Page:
The General Service Administration’s abuse of the taxpayer credit card in its cynically extravagant 2010 Las Vegas conference has drawn justified bipartisan outrage. But however instructive such discreet incidents of government waste are—illustrating the contempt with which some members of the federal bureaucracy view the taxpayer—they are a sideshow compared with a far larger fiscal sinkhole: the mundane practice of federal grant-making.

It’s bad enough that the Education Department, for example, spews out a constant flood of misguided regulations, which usually embody the view that schools and universities are bastions of petty-minded bigotry that only federal bureaucrats can check with their superior, enlightened wisdom. But alongside the regulations comes a more wasteful flood of grant programs—$250,000 here to California State University, Bakersfield, for minority science and math programs; another $250,000 there to Miami-Dade Community College for the same enterprise. And on and on. Whose tax dollars are going into those piddling grants—Montanans’? Or Californians’ and Floridians’? In which case, why did those California and Florida tax dollars have to go all the way to Washington, before they could magnanimously be returned to their source?

Every federal agency, of course, is engaged in the same shell game. Federal grant recipients appear to believe that they’ve received a windfall—that federal money is free money. Not true: it’s local money that trickles back after a huge cut is taken off the top for administrative costs. If the feds were doling out trillions of dollars that they had somehow collected from China, say, then there might be cause for thinking that federal grants added to the national or even local wealth. But no such extraterritorial source of federal money exists.

At best, federal grants could merely be break-even transactions nationwide. In fact, they’re always a net loss. The costs of collecting local tax dollars, sending them to Washington, distributing them among the various agencies, and then funneling them back to the locals who sent the money to Washington in the first place are enormous. The grant-making agency spends taxpayer-funded employee hours devising a grant program and complying with various administrative-procedure requirements for notice and other formalities. The locals then spend further taxpayer-funded employee hours scouring the Federal Register and other sources of grant programs to find money that they can apply for and writing up their grant application, complete with costly reams of paperwork. After selecting the grant recipients, the feds spend more employee hours monitoring the grants (or not), with more paperwork flowing back and forth between the locals and the feds. At every stage of the process, taxpayer dollars evaporate like raindrops on a desert mesa.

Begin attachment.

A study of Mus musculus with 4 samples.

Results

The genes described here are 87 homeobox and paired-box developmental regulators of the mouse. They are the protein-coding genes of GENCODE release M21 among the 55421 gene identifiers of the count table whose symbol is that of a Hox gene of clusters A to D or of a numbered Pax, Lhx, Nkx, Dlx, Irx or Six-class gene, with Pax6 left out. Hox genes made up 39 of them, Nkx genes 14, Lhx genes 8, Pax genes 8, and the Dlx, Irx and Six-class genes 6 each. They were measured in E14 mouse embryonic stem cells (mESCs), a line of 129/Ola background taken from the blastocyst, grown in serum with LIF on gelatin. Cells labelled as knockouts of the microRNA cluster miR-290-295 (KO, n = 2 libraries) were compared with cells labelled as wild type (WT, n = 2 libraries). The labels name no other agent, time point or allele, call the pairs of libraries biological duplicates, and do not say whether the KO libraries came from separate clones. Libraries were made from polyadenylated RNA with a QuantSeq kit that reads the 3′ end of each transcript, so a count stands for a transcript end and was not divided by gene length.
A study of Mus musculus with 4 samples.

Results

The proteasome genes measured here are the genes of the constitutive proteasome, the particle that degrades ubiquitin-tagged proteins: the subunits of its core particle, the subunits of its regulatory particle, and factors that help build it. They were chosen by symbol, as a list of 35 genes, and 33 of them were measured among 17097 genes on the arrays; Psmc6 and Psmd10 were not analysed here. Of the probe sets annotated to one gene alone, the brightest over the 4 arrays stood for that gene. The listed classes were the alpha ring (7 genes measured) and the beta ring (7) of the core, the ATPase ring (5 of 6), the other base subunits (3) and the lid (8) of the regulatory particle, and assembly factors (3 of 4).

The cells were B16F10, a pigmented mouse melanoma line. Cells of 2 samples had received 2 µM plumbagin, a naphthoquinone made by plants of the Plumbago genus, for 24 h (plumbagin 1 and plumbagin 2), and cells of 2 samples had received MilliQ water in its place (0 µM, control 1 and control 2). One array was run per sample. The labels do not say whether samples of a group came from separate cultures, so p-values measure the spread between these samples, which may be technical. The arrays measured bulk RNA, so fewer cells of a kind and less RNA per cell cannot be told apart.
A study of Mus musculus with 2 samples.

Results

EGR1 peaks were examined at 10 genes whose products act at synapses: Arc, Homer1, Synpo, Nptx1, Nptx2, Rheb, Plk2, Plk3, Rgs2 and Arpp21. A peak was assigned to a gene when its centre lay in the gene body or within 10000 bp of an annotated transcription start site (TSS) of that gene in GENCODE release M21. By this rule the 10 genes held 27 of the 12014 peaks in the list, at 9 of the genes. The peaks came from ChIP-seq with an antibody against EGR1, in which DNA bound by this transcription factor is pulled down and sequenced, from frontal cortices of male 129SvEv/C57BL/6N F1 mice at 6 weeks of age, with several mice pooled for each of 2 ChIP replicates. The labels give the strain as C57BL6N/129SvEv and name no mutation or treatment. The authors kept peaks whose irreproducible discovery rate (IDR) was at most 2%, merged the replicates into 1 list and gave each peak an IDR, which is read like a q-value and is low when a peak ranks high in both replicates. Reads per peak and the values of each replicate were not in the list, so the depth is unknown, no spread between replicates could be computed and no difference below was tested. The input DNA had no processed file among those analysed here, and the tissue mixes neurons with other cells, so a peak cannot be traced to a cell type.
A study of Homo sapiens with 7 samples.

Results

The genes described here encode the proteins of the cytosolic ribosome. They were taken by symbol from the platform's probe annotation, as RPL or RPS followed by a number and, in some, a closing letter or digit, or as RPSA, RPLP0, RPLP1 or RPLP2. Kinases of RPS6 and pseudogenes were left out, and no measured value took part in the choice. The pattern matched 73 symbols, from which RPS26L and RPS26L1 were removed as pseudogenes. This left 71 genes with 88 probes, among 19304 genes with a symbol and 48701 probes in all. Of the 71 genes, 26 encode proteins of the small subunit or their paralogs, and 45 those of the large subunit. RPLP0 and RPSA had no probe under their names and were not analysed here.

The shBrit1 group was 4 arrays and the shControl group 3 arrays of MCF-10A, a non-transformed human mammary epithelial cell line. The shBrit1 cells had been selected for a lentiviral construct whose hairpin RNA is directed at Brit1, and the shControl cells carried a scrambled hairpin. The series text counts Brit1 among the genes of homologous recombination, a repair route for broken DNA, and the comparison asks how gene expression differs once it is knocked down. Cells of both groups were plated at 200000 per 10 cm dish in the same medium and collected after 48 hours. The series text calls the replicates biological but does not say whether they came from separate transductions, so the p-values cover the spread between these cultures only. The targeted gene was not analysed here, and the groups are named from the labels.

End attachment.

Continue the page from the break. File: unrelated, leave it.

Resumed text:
If there were systematic redistribution going on from rich localities to poor ones, there might be some arguable justification for the cumbersome loop of localities’ sending money to Washington, then begging on bended knee to get it back. But virtually every place receives federal grants, the wealthiest states—California, New Jersey, Connecticut, New York, and others—no less than Mississippi or West Virginia. In the Byzantine circuitry of local tax dollars reprocessed as federal grants, rich localities get their own money back as well as other states’ money. Case in point: job-training centers across the country are being starved of their federal cash, alleges the New York Times. Seattle has seven such federally funded centers. Seattle is not Biloxi. Can’t Seattle and Washington State residents fund their own job training (leaving aside the question of whether such training actually works) rather than siphoning off Texans’ tax dollars to do so?

Federal grant-making is the hook that Washington uses to gain control over local institutions, whether public or private. Universities and schools are in thrall to the Education Department’s absurd reading of Title IX law, for example, because of their consumption of federal (a.k.a. recycled local) dollars. If we could only pierce the fiction that federal money is a windfall from some outside source, perhaps we could unwind this senseless circuitry of local money. At best, however, conservatives advocate for the block-granting of federal funds—that is, removing some of the programmatic requirements on how “federal” money is spent, in order to give localities more discretion in how they spend “federal” money.

Conservatives have the wrong target. The focus should not be on the “block” part of the equation, but on the grant-making per se.